Good morning, and welcome to our Inauguration Day edition of Vitals. We'll have a new president in a few hours, and like you, we're all waiting to see what he'll say about health care — if it's part of his inaugural address. And then, watch for those executive orders that will start the repeal process.
Remember, President Obama and congressional Democrats tried to wrestle with all of this when the law was passed. They thought they had created a win-win situation for everyone: More people would get health insurance, and insurers, doctors and hospitals would all be winners because they'd have more paying customers. It didn't work out that way. Healthy people had to pay more to help cover sick people, younger people paid more so older people could pay less, etc.
It's just hard to rearrange the health care system without creating losers, and all of the Republican replacement plans so far would have them, too. The question is, how will they minimize the damage? Read our story here, and check out the cool graphic by Andrew Witherspoon and Alex Duner.
I'm struck by how many people in D.C. health care circles are predicting the same outcome for the Obamacare repeal battles: Trump and congressional Republicans will end up with a program that's built on the framework of Obamacare, but modified to reflect Republican principles, like more choices of health coverage, an alternative to the individual mandate, and more flexibility for states to try different approaches.
In other words, the repeal will really be a rebranding of Obamacare, and Republicans will have to sell the hell out of it. Always Be Closing! That's not coming from hard intel from the Trump team, but it is the most popular prediction I'm hearing from experienced and politically savvy industry officials in D.C.. They're not Democrats, but others who have been through the political battles many times and usually have a pretty good idea how they're going to turn out.
Trump has proven them wrong many times before, and he could again. But the argument is, there are only so many ways to cover as many people as Obamacare has, and once Republicans work through that process, their version may not look as different as the Trump voters may have hoped. What's your prediction? Let me know.
When President Obama leaves the White House for the last time today, Health and Human Services Secretary Sylvia Burwell and other top health officials will leave with him. Here are the people who will be running the top health departments temporarily until Trump gets his nominees in place:
Staying in place for now: National Institutes of Health director Francis Collins.
The staff at the Department of Health and Human Services have put together a 118-page briefing book on all of the issues that will face the Trump administration's team, including HHS nominee Tom Price, as soon as the handoff takes place. The main ones:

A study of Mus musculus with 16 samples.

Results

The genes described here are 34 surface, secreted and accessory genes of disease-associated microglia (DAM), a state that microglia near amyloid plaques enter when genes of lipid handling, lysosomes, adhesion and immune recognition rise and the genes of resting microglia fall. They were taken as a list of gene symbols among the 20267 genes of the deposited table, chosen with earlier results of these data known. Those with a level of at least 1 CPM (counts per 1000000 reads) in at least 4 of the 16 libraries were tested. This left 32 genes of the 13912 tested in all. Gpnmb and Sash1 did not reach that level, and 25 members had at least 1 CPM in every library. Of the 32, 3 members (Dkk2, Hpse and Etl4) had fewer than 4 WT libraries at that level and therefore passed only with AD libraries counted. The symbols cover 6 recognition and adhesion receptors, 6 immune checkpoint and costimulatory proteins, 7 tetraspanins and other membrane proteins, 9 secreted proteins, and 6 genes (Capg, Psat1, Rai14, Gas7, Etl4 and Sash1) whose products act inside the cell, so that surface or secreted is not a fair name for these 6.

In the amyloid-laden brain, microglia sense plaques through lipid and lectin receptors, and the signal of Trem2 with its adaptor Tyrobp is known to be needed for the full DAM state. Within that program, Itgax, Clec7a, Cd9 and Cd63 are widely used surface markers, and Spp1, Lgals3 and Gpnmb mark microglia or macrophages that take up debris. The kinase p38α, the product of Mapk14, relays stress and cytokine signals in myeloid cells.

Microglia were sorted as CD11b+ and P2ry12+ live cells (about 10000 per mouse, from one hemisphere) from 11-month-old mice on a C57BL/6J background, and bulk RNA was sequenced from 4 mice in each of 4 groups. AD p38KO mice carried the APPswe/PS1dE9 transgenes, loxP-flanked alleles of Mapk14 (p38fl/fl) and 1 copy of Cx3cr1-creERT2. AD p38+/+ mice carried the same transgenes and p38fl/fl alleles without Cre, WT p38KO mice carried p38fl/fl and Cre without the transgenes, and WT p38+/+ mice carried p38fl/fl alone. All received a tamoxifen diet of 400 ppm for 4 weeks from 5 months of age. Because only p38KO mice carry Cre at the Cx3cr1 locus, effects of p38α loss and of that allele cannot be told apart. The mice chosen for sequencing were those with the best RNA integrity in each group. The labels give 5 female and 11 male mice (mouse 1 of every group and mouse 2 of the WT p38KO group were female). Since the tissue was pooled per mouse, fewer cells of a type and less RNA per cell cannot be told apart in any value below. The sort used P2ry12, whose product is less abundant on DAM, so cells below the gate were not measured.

Caitlin Owens reports that Senate Majority Whip John Cornyn made a pretty ironclad promise about Medicaid on Thursday: No one who gained coverage through Medicaid expansion will lose it after Obamacare is repealed. That pledge came after Republicans met with a group of GOP governors on Capitol Hill, including Ohio Gov. John Kasich, who expanded Medicaid and was worried about his constituents.
"We're all concerned, but it ain't gonna happen," Cornyn said after the meeting. He didn't say how Republicans could keep that promise, and Kasich wouldn't make the same pledge for his constituents.
Why it matters: Republicans now have a pattern of making promises about Obamacare repeal that they might not be able to keep, including House Speaker Paul Ryan's statement last month that repeal will leave "no one worse off." (He has stopped saying that.) Democrats are collecting all of these statements and are sure to remind the public about them.
Texas Gov. Greg Abbott told reporters the most likely outcome was per-capita caps, or limits on how much states would be reimbursed for each person on Medicaid. But the states would be able to set the income levels that would qualify for Medicaid, Abbott said, so some could still expand the program and the new system would be "very fair to all states." Read Caitlin's story here.
Sure, Washington loves to bash the drug companies. But now, it's the intermediaries that may be getting a close look, Bob Herman reports. Pharmacy benefit managers are the companies that create pharmacy networks and negotiate down prices from drug makers. But they get some of the money from drug sales, too, so they may be part of the chain that's leading to higher drug costs.
Now, some Democrats are getting interested in regulating them — and Republican Sen. Chuck Grassley might be interested, too. Read Bob's story here.
Nuna, a health care data company headed by one of the people who rescued the Obamacare website, announced Thursday that it has raised more than $90 million in funding to build the first national data platform for Medicaid. They're going to collect information on eligibility, providers and managed care plans for Medicaid recipients throughout the country.
The funding comes from the venture capital firm Kleiner Perkins Caufield & Byers. The company is based in San Francisco and was founded by Jini Kim, who was part of the team that salvaged Healthcare.gov after the disastrous rollout in 2013.
What we're watching next week: Senate Finance Committee confirmation hearing for Price, Tuesday, Jan. 24; Republican retreat in Philadelphia, Jan. 25-27.
Thanks for reading, and as always, let me know what we missed: email@example.com.